How I Got Here

I’ve just started a course in International Education, and thought I’d share an excerpt from my self-introduction for the course:

Growing up in Victoria, racial differences meant nothing to my ethnically diverse playmates and I.  Right before reaching school-going age though, my family moved from Canada to their hometown in Malaysia and then to Singapore.  In these countries, I was introduced to different cultures, and more crucially, to racial politics and the subtle nuances of bigotry, at a very young age.  Experience in different countries gives one the benefit of contrasting experiences with which to make comparisons, and so I was convinced that there was something wrong with the way my schoolmates only socialized within their own ethnic groups.  Fortunately, being the “exotic” foreigner made me acceptable to all the ethnic groups, and that gave me the freedom to socialize with all.  Without consciously knowing what I was doing, I pushed those boundaries, becoming the bridge that linked the different ethnic groups – because they all wanted to play with me, they all had to play together, regardless of the ethnic divisions they had learnt.  Thus began my interest in bridging understanding between different cultures.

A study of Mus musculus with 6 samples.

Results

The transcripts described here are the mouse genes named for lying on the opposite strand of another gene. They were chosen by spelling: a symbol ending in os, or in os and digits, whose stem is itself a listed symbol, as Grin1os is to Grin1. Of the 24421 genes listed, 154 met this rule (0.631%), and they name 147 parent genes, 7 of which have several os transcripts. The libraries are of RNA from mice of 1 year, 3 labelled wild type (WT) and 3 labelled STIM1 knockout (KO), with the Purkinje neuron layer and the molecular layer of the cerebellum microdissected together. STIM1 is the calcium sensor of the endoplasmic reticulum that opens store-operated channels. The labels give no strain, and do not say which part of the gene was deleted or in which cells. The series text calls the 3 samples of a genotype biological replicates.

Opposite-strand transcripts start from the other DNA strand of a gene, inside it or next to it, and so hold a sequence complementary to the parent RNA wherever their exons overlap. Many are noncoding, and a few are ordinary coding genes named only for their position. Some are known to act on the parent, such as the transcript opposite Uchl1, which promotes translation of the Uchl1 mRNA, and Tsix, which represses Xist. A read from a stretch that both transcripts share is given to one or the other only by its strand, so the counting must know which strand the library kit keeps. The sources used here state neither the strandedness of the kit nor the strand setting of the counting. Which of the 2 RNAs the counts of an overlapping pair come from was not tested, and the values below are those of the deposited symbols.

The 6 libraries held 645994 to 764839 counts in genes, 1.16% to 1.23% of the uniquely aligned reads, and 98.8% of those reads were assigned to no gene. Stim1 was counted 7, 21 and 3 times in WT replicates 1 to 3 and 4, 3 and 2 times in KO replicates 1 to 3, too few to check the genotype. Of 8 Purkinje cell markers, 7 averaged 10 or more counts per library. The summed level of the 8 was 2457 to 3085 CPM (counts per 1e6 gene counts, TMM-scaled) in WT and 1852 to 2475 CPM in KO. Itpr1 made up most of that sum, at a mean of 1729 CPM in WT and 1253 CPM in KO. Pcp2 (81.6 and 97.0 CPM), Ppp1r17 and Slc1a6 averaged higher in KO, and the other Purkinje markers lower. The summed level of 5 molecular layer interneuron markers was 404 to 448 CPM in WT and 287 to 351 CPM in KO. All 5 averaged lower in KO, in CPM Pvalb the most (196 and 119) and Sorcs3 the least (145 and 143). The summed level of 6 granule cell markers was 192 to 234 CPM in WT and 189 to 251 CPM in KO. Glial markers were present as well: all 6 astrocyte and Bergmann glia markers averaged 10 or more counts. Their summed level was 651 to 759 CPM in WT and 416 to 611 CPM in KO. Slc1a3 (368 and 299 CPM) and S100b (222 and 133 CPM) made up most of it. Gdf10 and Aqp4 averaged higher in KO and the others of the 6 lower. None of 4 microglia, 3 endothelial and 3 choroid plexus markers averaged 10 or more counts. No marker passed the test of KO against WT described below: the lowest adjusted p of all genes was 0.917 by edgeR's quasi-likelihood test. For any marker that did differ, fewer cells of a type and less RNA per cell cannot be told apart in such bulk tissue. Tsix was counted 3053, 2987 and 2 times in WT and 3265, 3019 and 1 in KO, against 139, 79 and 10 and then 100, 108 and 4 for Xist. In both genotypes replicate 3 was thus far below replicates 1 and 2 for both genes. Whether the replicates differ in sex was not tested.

Through school, I continued exploring that interest; volunteering for school-organised community service projects in Vietnam and Burma.  That led to my undergraduate major in Southeast Asian studies where I undertook service-learning projects in Indonesia, fieldwork in Thailand, and hosted a student fellowship of fifty Southeast Asian peers for one semester in Singapore, then received a travel grant to visit them in their hometowns; all to broaden my exposure and learning beyond my readings and lectures.  These structured programmes gave me access to experiences that led to insight I could never have discovered through my own travels.

Ever grateful to that child who tried to bridge understanding between her peers, I’ve pursued my passion for promoting understanding and social change with an accidental career in international education; in areas that enable me to use my experience from the many international education programmes that I’ve benefited from, and pay-it-forward.

What about you?  How did you get here?